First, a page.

When you’re getting ready to remember 10 years together with the person you love most in the world, you want it all to be as perfect as that diamond wedding ring. After all, isn’t 10 years of marriage called the “diamond anniversary”?
But the reality doesn’t always sparkle like that most coveted of all jewels, just as John and I discovered this past Saturday when we set out to celebrate our 10th anniversary together. Here’s how our day ended up losing some of its luster:
1. Celebrate it right smack in the middle of the hottest days of summer.
Our marriage anniversary is July 26, only three days after July 23 (also known as by the Chinese as dàshǔ or 大署, the “Greater Heat”). At this time of the year, the entire city feels like one huge sultry public sauna that you can never leave (unless you duck into an air-conditioned store or home).
As soon as John and I left our apartment, the heat and humidity enveloped us like a huge wet rag — and it wasn’t long before my brand-new fuchsia T-shirt was dotted with beads of sweat. Not an auspicious start to our celebration!
2. Arrive at the West Lake just as a huge thunderstorm descends upon the city.
After indulging in a little pampering at a local hair salon (a up-do) and a makeup shop (where a pro did my makeup for the day) John whisked me off to the most romantic locale in all of Hangzhou: the West Lake. Our goal? To visit the very bench on Su Causeway where we had our first kiss on July 26 in 2002.
But not long after we reached the scenic shores of the lake, fringed with the rich green patches of lotus plants studded with pale pink flowers, an ominous gray cloud darkened the sky. Thunder soon rumbled right in, followed lightning and a monumental downpour. When I say “monumental downpour”, I mean 90 mm worth of rain (that’s a little over 3.5 inches) in one hour!
We sought shelter just in time in a public teahouse beside the lake, and were trapped there for almost an hour, witnessing nature’s own version of fireworks boom across the lake (I screamed when the lightning hit a nearby tree) as the landscape around us became soaked in rain.
Then, because we needed to hustle to make our 6pm dinner reservation at a hotel, we splashed our way down Beishan Road through the runoff water that burst up from the drains beside the road and cascaded over the sidewalk right into the West Lake. It reminded me of all those times when I was a kid and insisted on going creek-walking — except you don’t usually go creek-walking with your hair and makeup done, all dolled up in your new shirt and long black skirt.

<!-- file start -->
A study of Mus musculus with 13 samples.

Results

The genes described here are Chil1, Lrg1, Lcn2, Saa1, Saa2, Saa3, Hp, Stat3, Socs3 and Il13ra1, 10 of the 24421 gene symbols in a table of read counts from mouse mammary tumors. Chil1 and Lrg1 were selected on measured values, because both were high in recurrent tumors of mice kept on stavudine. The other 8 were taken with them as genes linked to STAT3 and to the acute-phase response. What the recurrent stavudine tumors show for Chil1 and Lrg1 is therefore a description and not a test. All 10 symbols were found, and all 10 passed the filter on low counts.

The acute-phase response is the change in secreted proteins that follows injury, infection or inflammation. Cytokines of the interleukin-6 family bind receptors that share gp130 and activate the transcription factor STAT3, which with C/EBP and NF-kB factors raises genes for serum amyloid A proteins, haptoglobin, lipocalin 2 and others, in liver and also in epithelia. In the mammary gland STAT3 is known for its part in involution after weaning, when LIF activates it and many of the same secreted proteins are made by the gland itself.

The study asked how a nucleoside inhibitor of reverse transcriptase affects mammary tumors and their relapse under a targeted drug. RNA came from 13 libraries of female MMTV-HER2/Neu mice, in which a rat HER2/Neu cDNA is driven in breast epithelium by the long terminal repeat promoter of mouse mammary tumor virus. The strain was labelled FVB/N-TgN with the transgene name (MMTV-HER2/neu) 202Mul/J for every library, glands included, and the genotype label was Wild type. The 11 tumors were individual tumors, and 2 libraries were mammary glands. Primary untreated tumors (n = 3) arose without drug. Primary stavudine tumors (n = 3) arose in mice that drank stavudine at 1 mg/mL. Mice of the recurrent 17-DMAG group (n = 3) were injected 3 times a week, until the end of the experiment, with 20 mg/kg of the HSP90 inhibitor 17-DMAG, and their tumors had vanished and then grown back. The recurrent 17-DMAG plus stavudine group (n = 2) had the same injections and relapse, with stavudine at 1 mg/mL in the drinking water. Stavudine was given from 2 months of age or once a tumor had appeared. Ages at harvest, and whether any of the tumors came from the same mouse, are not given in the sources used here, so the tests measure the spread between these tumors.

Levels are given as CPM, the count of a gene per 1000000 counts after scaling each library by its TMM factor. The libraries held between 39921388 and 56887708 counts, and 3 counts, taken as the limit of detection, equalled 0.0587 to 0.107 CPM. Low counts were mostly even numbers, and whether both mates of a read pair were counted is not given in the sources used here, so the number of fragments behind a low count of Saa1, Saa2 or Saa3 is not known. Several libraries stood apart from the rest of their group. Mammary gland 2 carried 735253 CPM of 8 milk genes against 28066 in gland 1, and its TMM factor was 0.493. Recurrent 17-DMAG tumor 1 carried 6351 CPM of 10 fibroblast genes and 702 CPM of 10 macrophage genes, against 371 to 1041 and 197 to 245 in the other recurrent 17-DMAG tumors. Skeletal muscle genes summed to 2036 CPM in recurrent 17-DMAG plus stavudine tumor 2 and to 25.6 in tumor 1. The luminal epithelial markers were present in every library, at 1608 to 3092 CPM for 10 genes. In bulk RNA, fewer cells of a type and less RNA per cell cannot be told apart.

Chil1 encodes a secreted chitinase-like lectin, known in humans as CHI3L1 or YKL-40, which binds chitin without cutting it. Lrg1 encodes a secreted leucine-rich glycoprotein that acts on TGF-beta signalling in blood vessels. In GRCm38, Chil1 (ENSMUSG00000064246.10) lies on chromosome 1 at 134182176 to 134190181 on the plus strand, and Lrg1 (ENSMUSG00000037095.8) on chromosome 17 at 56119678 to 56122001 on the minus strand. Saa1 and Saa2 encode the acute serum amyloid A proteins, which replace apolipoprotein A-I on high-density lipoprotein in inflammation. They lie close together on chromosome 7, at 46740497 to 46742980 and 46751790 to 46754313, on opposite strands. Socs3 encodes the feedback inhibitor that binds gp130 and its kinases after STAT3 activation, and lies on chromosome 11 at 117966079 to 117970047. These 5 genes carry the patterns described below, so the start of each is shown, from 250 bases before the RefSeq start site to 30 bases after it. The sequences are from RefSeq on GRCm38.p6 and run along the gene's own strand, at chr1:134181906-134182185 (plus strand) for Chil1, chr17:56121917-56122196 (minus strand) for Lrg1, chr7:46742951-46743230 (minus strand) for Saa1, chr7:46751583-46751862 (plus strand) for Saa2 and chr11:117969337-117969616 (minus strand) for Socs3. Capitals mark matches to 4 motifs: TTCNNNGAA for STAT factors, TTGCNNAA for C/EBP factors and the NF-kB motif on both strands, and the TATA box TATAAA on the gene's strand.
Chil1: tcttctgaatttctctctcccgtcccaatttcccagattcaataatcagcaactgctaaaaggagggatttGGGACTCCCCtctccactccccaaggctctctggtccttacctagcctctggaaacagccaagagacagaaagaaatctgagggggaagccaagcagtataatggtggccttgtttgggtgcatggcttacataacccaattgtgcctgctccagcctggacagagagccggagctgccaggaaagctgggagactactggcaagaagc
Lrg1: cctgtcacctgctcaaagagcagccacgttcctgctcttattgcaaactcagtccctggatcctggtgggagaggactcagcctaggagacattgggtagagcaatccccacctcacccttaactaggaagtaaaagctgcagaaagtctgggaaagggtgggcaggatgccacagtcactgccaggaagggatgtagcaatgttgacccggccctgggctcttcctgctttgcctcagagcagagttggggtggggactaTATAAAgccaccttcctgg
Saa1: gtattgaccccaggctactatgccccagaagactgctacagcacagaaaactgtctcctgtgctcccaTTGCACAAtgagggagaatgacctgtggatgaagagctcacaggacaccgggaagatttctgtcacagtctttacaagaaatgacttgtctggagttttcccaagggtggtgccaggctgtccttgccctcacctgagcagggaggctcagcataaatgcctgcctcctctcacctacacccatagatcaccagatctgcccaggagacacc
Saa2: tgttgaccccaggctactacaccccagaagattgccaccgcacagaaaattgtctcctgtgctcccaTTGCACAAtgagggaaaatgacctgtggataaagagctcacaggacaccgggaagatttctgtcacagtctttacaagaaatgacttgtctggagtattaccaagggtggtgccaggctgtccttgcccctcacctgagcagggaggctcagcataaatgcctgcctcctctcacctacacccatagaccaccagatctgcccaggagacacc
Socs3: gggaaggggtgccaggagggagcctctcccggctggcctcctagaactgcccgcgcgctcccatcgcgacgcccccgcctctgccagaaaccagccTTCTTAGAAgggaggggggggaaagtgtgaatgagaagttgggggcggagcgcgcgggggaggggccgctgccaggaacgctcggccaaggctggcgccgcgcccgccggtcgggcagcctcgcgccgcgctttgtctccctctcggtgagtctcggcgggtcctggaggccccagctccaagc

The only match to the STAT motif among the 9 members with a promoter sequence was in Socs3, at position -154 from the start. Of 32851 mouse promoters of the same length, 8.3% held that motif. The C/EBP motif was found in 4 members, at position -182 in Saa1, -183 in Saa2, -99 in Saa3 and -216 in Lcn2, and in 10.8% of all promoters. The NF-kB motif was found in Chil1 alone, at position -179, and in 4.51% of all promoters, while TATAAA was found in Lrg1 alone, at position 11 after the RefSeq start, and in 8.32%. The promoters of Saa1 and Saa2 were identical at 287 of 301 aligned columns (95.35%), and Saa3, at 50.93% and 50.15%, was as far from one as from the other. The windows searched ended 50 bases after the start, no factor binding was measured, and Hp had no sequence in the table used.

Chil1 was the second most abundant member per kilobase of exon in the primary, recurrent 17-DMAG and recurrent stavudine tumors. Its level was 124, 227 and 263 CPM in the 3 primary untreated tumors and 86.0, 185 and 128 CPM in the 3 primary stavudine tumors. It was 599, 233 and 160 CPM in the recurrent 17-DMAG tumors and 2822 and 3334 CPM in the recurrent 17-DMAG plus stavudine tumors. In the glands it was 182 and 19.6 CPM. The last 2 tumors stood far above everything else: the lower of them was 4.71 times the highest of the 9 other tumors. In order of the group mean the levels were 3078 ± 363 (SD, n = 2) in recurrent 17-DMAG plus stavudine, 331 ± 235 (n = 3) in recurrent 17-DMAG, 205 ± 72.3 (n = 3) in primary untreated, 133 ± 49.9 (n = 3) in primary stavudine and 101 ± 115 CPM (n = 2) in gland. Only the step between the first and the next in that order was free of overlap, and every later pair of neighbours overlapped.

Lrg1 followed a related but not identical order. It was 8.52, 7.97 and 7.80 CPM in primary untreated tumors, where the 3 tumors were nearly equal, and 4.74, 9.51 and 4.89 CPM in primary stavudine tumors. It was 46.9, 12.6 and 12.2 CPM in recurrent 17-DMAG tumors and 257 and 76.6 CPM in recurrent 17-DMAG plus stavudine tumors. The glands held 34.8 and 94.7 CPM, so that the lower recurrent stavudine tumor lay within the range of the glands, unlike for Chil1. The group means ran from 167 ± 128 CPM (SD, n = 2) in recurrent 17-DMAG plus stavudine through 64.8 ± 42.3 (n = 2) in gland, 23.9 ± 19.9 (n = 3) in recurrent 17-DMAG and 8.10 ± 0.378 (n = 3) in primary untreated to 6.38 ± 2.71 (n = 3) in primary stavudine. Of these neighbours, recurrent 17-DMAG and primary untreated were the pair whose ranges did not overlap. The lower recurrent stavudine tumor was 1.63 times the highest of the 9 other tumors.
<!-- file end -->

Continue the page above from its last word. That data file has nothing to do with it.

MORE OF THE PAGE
Even worse — the rain revealed leaks in my own umbrella, scattering droplets of rain all over me (including more than a few that conspired to ruin my nice up-do and makeup…thank goodness they didn’t!).
You might wonder, “Why didn’t they just flag down a taxi or take the bus?” Well, as anyone who has ever lived in Hangzhou knows, it’s almost impossible to flag down a taxi on rainy days. Plus, the traffic on Beishan Road was locked in gridlock and plodded along so slow we actually walked faster than the buses themselves!
3. Due to a downpour of seemingly Biblical proportions, walk into the five-star hotel where you’re going to have dinner with at least half of your outfit completely soaked
There’s nothing that says class quite like strolling into the glittering lobby of a five-star hotel looking as if you crawled out of one of the drainage pipes beside the West Lake. The Assistant Manager on duty — a willowy blonde dressed in a perfectly-pressed suit jacket and pencil skirt — stared at us as we hurried across the lobby and up the stairs, and I couldn’t tell whether it was because we were that rare AMWF couple in China or because our shoes left little puddles behind us wherever we walked.
4. Due to same downpour, spend over an hour awaiting the rest of your friends to arrive.
Four of our guests — more than half of our table — took over an hour to make it to the hotel because the downpour brought Hangzhou’s traffic to a screeching halt. This photo (with me putting on a smile while my friend Caroline plays with her mobile phone) pretty much sums up how we spent that hour at a very empty table for seven.
5. Realize it’s the most imperfect anniversary celebration you’ve ever had — and enjoy yourselves regardless.
Between the sweltering heat and all of the mayhem caused by a sudden downpour, we had one tumultuous afternoon. No carefree strolling beside the lake, no stolen kisses at our old bench on Su Causeway, no confident entrance into the hotel. Our shoes were still totally wet and squishy. The rain even drenched a classic photo of us that John carried in his wallet.
But we had five of our friends with us, as we dined on some of the most sumptuous Thai dishes I’ve ever sampled in my life in one of the most glamorous restaurants in town. Maybe we didn’t get the perfect day we hoped for — but as I helped myself to another creamy mouthful of green curry vegetables and admired the mahogany-toned wooden accents in the space, I couldn’t help but think that, for the moment, it was just perfect enough.
(P.S.: For those of you curious as to where we had our anniversary dinner, it was at the lovely Sawasdee Thai Restaurant in Hangzhou — one of my favorite dining spots in the city.)
Have you ever experienced a less-than-perfect celebration?